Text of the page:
Sunday, September 7, 2008

You Deserve It!

Has anyone else heard the radio spots for Blue Hippo? I heard it on early morning radio last weekend and I was shocked! I wish I could find the ad copy somewhere. I did find several articles about how the company takes advantage of poor people, but not the script of the radio ad. It went something like this:

Do you have bad credit? That doesn’t mean you can’t have the laptop you deserve!... You deserve it!... There is no reason you can’t get the technology you deserve, etc. The “technology you deserve” also referred to big screen TVs.

What? Do people really fall for this nonsense? Apparently so. Blue Hippo Funding has been expanding its business since 2003. While you can buy a laptop at a store for about $600, Blue Hippo offers a similar product for the low monthly price of say, $30 a month for 5 years, for a grand total of $1800. Not a good deal by any means, but if you can’t save that much cash and no one else is willing to lend it to you, Blue Hippo can help you get a computer – it’s true.

Their partial pre-pay financing and complaints about undelivered merchandise is the cause of several state class action law suits and a settlement with the Federal Trade Commission. Even with these black marks on the legality of their business, as well as thousands of complaints to the Better Business Bureau, Blue Hippo continues to operate successfully while people continue to complain about their exploitation of the poor and uneducated.

There is a real injustice here. It is not, however, that Blue Hippo is taking advantage of the poor and uneducated through unscrupulous financing practices. People with bad credit are their explicit target customers and fraud is against the law. Blue Hippo’s practices are distasteful, and possibly fraudulent. But the FTC settlement and the class action lawsuits did not shut the company down (I believe the legal findings were “Blue Hippo is icky”). Blue Hippo continues to operate because there are people who still want to use their services.

From the FTC ruling:

NOTE: The Commission files a complaint when it has “reason to believe” that the law has been or is being violated, and it appears to the Commission that a proceeding is in the public interest. The complaint is not a finding or ruling that the defendant has actually violated the law. The stipulated final order is for settlement purposes only and does not constitute an admission by the defendant of a law violation. A stipulated final order requires approval by the court and has the force of law when signed by the judge. [emphasis mine]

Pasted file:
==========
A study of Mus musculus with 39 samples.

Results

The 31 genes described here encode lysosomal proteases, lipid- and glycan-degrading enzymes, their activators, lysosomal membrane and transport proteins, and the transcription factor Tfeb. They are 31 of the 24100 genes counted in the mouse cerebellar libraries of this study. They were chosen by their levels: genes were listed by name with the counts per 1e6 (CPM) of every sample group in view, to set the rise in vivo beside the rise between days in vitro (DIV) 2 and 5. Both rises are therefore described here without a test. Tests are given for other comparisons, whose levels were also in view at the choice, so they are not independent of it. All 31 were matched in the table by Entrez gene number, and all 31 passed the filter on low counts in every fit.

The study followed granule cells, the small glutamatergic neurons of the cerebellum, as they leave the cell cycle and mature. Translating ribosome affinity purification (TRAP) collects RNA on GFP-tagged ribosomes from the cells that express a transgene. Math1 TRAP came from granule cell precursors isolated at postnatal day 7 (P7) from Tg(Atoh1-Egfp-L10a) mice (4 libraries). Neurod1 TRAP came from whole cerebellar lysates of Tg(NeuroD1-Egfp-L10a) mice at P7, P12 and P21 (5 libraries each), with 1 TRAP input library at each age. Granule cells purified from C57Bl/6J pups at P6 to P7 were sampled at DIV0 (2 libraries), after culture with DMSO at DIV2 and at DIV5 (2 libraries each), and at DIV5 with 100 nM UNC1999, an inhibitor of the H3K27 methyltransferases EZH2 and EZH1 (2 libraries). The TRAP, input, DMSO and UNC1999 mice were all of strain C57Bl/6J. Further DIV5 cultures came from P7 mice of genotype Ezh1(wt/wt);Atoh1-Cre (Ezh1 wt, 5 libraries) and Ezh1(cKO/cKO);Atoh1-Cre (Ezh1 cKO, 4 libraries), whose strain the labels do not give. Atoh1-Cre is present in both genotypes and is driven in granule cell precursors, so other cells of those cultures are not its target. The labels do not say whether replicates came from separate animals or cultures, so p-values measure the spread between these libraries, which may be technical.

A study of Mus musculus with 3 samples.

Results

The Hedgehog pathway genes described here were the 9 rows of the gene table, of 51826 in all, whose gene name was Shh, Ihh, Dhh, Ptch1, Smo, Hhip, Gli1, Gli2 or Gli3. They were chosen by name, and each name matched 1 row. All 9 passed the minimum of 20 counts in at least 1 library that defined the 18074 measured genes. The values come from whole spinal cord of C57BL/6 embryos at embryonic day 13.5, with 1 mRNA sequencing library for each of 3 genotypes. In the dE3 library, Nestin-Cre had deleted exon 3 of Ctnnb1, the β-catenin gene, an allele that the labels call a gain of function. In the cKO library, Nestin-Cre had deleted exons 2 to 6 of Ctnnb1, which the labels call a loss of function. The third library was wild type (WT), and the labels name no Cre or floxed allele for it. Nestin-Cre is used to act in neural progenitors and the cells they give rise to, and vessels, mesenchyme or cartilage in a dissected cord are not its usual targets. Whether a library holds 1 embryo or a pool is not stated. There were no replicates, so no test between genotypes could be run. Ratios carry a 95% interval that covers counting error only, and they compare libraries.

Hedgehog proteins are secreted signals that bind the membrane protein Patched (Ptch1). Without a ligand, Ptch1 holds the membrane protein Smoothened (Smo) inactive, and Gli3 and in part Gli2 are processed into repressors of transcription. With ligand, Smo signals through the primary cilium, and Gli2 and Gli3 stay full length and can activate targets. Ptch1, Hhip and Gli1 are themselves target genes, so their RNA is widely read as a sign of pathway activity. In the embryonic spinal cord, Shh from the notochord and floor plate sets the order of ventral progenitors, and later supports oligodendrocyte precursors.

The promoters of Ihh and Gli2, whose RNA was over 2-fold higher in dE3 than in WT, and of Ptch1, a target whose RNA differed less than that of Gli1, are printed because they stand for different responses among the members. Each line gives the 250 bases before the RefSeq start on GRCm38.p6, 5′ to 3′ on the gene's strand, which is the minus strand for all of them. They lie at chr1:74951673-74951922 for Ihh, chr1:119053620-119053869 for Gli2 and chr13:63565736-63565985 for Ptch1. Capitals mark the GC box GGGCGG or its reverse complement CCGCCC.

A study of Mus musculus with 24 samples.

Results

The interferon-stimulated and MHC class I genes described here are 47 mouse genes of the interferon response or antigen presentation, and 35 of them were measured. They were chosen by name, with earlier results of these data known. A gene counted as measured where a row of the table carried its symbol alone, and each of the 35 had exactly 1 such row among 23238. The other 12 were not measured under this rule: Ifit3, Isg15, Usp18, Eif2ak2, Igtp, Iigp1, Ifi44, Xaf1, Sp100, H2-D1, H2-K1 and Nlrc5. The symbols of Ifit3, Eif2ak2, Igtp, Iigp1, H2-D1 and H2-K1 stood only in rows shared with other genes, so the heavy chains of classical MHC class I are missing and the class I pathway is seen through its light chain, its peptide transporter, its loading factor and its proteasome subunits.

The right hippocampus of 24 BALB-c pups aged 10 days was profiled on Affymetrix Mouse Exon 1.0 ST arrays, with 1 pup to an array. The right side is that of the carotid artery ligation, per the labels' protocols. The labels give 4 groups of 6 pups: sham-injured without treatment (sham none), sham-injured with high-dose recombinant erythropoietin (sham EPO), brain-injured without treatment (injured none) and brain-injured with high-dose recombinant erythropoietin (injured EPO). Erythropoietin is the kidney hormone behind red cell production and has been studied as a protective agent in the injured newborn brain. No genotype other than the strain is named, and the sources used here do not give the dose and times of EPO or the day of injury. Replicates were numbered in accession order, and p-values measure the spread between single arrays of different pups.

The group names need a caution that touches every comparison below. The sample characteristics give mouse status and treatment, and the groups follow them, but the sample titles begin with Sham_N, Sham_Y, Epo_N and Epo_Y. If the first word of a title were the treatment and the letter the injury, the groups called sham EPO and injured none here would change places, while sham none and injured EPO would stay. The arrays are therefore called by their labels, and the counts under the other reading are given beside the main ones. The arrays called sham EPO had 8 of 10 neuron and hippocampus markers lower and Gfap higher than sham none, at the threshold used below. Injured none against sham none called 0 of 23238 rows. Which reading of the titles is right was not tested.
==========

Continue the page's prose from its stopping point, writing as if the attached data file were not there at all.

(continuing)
So why? Why does a company that promises so much and delivers so little continue to flourish despite questionable legal and moral practices?

Let’s examine what Blue Hippo does: it tells people they deserve things just because they want them, promises to give them what they want without clearly describing how it will be paid for, fails to deliver, makes the initial bad situation worse, but continues to stir up more support among the less savvy and more desperate using new promises of even better entitlements. Does this sound familiar?

It should. It’s been the marketing plan of politicians for years, and instead of being repulsive to people, it continues to attract a lot of us (cue Hillary Clinton’s Christmas present ad – the most flagrant display of promised entitlements I have ever seen).

The real injustice is that the government, the biggest employer of this promised entitlements strategy, through the Federal Trade Commission, is operating as a consumer advocate, en masse, for people who have not only proven themselves unable to cope with their own finances (I tread lightly here myself but do not expect the government to bail me out) but also fall prey to the idea that they deserve what they want. Why is the government so happy to step in and fight their battles? A proper function of our government, to protect individual rights through arbitration of objective laws, is being abused to perpetuate the incorrect notion that people need to be saved from themselves through the force of government!

It’s a just another example of my point that while you can’t mandate the stupid out of people, you certainly can subsidize it. I have previously referred to this situation in Nudged, but will now refer to it as being BlueHippoed – it’s a much more colorful term and is slightly reminiscent of a combination of the political party symbols, with the color leaning a little toward the left, as it should.


Deb said...

Really nice post.

As it happens, I heard a snippet of a Blue Hippo ad on the radio today. It went something like this:

Are creditors calling you constantly and banging down your door? Are you in debt up to your eyeballs?

IT'S NOT YOUR FAULT! Millions of Americans are in the same position as you because of the economy...

LB said...

Thanks for the comment, Deb.

Yes! I think I remember the commercial pushing that "through no fault of yours" button too!

Like I said, Blue Hippo is icky. It's just not as morally repugnant as our government resorting to similar tactics to drum up support.

Manoj Padki said...

Nice post Lynne. I was going to comment along the lines of "What about the children? Don't they deserve the best?" etc., but you have made that point already ;)

- manoj

LB said...

Deserve is not the right word, but yes, children should have the best insofar as their parents have the means and desire to deliver it.

In the case of being a child - it is truly "not your fault".